The Amazon basin concentrates the highest freshwater biodiversity on earth. This is especially true for fishes, which, with around 2,400 species already recognized, represent 15% of all freshwater fishes described worldwide. The processes having generated this highly diverse fish fauna are incompletely understood. However, the diversity in aquatic habitats and the relative stability in favorable climatic conditions - over several millions of years - are most probably involved.
There is rising evidence that, since the last centuries, the rapid expansions in infrastructure and economic activities are impacting the structure and function of Amazonian freshwater ecosystems. Climate change will probably amplify these disturbances, producing negative effects on fish communities.
AMAZON FISH is a transnational collaborative project that officially started on November 2015 for a three years period, supported by ERANetLac, a bi-regional partnership in Science, Technology and Innovation, involving the European Union (EU) and the Community of Latin American and Caribbean States (CELAC).
AMAZON FISH aims to build a high quality freshwater fish biodiversity database covering the entire Amazon drainage basin. This is done by mobilizing and integrating information available in scientific literature. A data management plan is developed to ensure that conditions for reuse and public release of the resulting database are properly documented, taking into account concerns and needs of the project partners.
During the project, sampling gaps will be identified and field studies organized to fill those gaps, as far as possible, in order to get the most up to date and comprehensive coverage.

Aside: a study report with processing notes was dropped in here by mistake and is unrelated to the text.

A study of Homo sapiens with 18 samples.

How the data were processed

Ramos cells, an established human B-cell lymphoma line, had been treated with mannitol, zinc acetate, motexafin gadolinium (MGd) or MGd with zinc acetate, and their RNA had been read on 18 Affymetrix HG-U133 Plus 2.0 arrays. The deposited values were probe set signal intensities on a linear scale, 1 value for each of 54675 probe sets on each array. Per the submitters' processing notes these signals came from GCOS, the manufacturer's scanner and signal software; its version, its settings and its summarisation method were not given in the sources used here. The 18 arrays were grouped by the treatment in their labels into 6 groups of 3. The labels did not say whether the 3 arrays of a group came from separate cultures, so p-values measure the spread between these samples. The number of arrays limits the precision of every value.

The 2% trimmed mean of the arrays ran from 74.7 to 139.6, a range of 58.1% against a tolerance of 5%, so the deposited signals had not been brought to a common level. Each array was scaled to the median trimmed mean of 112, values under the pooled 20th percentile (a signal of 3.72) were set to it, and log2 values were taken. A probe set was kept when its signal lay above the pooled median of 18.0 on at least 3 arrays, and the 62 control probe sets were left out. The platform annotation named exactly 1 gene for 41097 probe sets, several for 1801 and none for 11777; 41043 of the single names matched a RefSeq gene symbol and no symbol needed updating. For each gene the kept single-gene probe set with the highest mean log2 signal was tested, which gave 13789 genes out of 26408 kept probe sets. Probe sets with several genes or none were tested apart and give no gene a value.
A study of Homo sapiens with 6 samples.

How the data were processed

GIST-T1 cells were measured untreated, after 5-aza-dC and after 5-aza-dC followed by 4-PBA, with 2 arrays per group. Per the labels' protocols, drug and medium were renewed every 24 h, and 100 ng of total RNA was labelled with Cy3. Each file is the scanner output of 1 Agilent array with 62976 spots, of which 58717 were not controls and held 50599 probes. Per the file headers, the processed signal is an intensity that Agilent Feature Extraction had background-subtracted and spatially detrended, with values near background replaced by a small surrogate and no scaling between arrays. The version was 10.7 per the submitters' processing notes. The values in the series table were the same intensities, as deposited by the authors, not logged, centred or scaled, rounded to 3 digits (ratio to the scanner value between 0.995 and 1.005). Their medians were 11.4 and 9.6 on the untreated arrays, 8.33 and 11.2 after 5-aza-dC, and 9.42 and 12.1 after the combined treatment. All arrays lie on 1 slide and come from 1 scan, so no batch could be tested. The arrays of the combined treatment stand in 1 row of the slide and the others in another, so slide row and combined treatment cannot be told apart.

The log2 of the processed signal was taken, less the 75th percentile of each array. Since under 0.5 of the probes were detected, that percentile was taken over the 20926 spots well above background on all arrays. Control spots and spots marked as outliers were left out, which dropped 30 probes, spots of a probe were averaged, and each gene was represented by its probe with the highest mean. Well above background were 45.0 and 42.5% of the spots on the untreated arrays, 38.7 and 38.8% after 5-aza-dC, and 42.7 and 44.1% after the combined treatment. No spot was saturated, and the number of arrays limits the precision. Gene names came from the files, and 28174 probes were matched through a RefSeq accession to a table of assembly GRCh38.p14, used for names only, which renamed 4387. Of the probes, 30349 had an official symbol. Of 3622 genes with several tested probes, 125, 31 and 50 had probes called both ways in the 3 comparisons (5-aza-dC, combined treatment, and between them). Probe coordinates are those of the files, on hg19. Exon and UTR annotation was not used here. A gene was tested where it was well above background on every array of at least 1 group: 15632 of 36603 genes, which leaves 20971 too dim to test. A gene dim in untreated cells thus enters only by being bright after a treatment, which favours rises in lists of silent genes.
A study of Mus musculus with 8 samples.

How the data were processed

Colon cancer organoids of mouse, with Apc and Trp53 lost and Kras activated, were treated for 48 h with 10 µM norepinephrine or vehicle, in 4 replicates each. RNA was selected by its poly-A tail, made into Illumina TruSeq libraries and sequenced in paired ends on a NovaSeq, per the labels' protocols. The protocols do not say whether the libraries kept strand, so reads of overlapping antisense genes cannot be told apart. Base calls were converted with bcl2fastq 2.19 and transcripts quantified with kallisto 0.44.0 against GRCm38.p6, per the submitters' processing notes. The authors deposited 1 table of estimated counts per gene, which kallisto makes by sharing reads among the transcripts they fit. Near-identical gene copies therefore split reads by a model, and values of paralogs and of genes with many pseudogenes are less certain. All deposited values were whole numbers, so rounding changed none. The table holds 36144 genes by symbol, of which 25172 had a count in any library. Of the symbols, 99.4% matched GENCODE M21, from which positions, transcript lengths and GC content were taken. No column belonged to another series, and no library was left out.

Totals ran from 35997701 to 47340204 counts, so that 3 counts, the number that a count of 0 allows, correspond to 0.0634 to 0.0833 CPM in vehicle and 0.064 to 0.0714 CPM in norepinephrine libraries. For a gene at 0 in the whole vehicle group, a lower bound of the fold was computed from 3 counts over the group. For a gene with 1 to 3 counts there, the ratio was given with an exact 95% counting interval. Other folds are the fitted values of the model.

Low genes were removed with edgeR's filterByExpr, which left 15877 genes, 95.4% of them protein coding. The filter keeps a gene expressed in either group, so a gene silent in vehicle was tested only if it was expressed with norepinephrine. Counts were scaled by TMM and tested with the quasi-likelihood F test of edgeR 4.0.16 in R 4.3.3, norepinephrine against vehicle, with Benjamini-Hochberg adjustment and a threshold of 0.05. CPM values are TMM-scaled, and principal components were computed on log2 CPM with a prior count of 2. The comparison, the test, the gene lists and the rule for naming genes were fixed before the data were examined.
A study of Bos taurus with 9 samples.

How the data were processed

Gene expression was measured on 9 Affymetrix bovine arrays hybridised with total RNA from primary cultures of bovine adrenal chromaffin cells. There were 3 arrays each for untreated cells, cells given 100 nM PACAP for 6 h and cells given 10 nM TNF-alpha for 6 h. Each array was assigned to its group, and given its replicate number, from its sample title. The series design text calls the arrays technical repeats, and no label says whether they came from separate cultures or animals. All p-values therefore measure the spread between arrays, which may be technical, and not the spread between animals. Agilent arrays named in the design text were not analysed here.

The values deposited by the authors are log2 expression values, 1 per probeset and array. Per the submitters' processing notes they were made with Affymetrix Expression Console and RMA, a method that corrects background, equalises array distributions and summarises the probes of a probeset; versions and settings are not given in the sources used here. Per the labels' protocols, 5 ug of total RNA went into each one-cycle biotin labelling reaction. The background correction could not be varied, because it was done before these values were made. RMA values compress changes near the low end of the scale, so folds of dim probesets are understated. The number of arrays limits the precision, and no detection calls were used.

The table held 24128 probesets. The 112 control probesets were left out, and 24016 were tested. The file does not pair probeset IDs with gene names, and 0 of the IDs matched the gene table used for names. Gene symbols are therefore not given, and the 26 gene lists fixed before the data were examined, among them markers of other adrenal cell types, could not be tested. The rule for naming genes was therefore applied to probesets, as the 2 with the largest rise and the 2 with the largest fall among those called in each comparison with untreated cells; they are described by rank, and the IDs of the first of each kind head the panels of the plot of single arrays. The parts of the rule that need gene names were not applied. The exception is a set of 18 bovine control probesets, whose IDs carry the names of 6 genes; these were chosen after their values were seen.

A Geographic Information System (GIS) including all environmental factors meaningful in explaining fish species distribution is linked to the biological database. Basin-wide biogeographic analyses will be performed at multiple spatial grains using species richness, endemism and beta diversity descriptors. This will allow defining degrees of irreplaceability and representativeness of the different communities (i.e. “hotspots”). Future climate projections under the four IPCC scenarios for years 2050 and 2080 will be further derived from the most commonly used ultimate GCMs and consequent shifts in species range distribution and species extinctions will be evaluated. Expected results will also help defining relevant areas of work for the “Intergovernmental Platform on Biodiversity and Ecosystem Services » (IPBES) at the local, national and regional levels.
The AMAZON FISH consortium comprises institutions with extensive experience and international recognition, complementary expertise and interests, and strategic aims in the field of Amazonian fish biodiversity. At this time, the consortium includes researchers from the Institut de Recherche pour le Développement (IRD) in France, from the Pontificia Universidad Javeriana, Unidad de Ecología y Sistemática (UNESIS), in Colombia, from the Departamento de Ictiología, Museo de Historia Natural, Universidad Nacional Mayor de San Marcos, in Peru and from the Royal Belgian Institute of Natural Sciences (RBINS).
The consortium also benefits from official collaborations with researchers from other National institutions from Brazil (i.e. INPA, Universidade Federal de São Paulo (UNIFESP) and Universidade Federal do Pará, Ecuador (i.e. Museo Ecuatoriano de Ciencias Naturales (MECN)) and Bolivia (i.e. Universidad Mayor de San Simon; Universidad Mayor de San Andres; Universidad Autónoma del Beni).
All these partners bring into the project existing fish biodiversity databases and a large networking capacity that will be of essential importance for identifying and involving other potential data providers.